Fairfax, VA

While the world grappled with a global pandemic just a few years prior, epidemics silently have and will continue to sweep through coral reefs, important hubs of biodiversity in our oceans. Not only are corals home to a variety of species, they often serve as barriers against coastal erosion, are the potential source of materials for upcoming biomedical applications, and are huge economic drivers through tourism and preventing coastal infrastructure damage. From these examples, it’s clear that the role of coral reefs is not a small one and, thus, their degradation deserves to be the target of more environmental science research. A large chunk of research, especially those well-known to the public, involves the impact of climate change on coral reefs, with rising ocean temperatures creating an unsuitably acidic environment for coral growth. Despite the need to delve into such research as climate change continues to be a growing concern, coral diseases, considering their negative impact, are similarly deserving of such attention from the scientific community. 


coral reef fish habitat ocean ecosystem science
A thriving coral reef and ecosystem (Source: https://www.usgs.gov/media/images/coral-reef. Public Domain.)

While many diseases plague corals, with greater variety within some categories than others, the devastation these ailments are capable of can be demonstrated through a recent example. Stony Coral Tissue Loss Disease (SCLTD) is a condition that has recently affected Atlantic-Caribbean coral reefs, such as half of Florida's Coral Reef and much of the reefs in Caribbean territories. Colonies of corals, despite the species, tend to have the same presentation of the disease, developing lesions before quickly perishing--an outcome that has greatly reduced coral coverage and ecosystem habitat in affected areas. This condition remains concerning due to the quick mortality and a high number of colonies found to be susceptible to it so far; 66-100 out of 100 surveyed Florida colonies were found to be affected according to the AGRRA. Because of the transmission speed of SCLTD and research results, studies have proposed that it may be passed on by a bacterial pathogen.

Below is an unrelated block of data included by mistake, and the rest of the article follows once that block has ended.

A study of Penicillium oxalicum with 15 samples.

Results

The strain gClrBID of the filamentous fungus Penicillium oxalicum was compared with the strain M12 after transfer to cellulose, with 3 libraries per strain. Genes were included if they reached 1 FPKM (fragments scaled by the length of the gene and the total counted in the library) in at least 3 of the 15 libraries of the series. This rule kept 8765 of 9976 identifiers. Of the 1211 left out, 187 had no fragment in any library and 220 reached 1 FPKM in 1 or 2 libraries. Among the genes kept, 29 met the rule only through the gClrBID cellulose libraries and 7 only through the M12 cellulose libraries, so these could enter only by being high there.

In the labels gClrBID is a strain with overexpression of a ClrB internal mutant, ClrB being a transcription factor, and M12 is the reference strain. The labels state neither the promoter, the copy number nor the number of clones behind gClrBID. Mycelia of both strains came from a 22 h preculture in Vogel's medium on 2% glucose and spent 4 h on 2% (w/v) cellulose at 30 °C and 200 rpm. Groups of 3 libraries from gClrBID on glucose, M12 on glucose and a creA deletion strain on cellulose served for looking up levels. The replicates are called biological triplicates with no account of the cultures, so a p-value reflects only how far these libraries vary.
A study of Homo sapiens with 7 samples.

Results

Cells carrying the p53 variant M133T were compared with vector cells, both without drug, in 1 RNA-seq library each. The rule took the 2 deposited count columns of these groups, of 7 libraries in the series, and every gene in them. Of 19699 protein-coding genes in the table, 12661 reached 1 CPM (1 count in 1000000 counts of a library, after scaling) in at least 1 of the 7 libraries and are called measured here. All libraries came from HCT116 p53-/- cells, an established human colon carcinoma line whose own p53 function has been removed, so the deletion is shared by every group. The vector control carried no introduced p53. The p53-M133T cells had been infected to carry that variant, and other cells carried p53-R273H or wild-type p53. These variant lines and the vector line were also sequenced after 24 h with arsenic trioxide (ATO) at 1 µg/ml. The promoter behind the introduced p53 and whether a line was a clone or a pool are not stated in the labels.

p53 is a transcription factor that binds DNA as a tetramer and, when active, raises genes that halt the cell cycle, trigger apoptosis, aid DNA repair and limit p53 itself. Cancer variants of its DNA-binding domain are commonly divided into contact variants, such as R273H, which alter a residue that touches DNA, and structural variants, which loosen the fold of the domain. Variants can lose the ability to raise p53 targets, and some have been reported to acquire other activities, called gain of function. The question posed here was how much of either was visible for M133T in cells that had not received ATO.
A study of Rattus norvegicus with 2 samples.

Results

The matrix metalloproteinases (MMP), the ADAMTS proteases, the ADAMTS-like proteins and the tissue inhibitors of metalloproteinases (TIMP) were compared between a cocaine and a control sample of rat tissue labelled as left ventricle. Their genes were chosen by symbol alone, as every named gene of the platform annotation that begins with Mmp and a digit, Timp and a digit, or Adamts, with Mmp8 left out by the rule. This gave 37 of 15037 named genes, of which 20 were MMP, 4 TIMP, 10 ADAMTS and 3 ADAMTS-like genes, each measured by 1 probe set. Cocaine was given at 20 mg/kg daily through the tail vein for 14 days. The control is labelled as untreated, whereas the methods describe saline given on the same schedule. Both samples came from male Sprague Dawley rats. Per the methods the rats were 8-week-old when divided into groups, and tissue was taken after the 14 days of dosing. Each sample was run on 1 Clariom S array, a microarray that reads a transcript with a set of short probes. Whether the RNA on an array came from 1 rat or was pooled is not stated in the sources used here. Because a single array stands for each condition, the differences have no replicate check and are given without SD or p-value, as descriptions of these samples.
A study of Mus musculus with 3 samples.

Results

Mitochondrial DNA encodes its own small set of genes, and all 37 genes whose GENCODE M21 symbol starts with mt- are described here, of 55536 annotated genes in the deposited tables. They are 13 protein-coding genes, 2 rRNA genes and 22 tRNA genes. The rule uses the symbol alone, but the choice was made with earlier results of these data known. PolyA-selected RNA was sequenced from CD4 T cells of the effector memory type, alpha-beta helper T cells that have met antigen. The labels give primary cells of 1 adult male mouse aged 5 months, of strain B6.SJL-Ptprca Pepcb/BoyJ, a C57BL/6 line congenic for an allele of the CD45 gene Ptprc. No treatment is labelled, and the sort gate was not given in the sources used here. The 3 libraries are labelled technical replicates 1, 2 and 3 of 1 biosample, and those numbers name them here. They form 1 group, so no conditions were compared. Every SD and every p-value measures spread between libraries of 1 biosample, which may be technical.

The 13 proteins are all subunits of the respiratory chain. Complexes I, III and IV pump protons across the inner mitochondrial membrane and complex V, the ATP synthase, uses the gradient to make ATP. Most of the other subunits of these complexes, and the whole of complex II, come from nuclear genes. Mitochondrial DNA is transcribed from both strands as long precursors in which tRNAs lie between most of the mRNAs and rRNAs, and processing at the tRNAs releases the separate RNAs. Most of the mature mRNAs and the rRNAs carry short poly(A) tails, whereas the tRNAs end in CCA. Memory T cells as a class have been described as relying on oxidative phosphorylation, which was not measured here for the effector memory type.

coral disease epidemiology habitat SCTLD
Before and after of SCTLD-affected Pseudodiploria strigosa (Source: Ilsa B. Kuffner, 2015-16. Accessed via https://www.usgs.gov/media/images/stony-coral-tissue-loss-disease-biscayne-national-park. Public Domain.)

To improve such studies related to corals and the field itself, the scientific community has pursued the establishment of more standardized terminology and protocols for research. Through such efforts, scientists can better build on each other's work and strive for the most accurate results to expand knowledge about coral diseases and the system of causes and effects surrounding them. For example, the common usage of Acropora, a widely present and diverse genus of hard coral, as a research model allows for better comparison within papers and more generalizable findings for developing solutions. In the usage of Acropora or other varieties of coral, molecular diagnostic techniques such as DNA sequencing and protein concentration assays are common in looking into the microbial communities of the coral, which may offer insights into the effects of pathogens or environmental stressors. Healthy coral colonies and unhealthy coral colonies tend to show significant differences in the microbes present, but it mustn't be overlooked that the location of the coral reefs can also play a role in community structure. Indeed, microbial communities offer some of the greatest insights into coral health and wellbeing.


Hope remains for the recovery of coral reefs currently affected by diseases and for future coral reefs as well. Current research methods continue to undergo improvement and more unified efforts on a local and global scale are providing better treatment than ever for these corals. A current remedy for diseases caused by bacterial pathogens has been applying an amoxicillin paste on the affected region. As an antibiotic, the properties of the paste, though unable to prevent future lesions or damage, have aided in coral recovery. Major strides have been made in recent years in managing coral epidemiology and identifying questions that need to be addressed in the future for better care. With continued research and efforts by both dedicated scientists and citizen-scientists, the tide can be turned for a better future for coral reefs.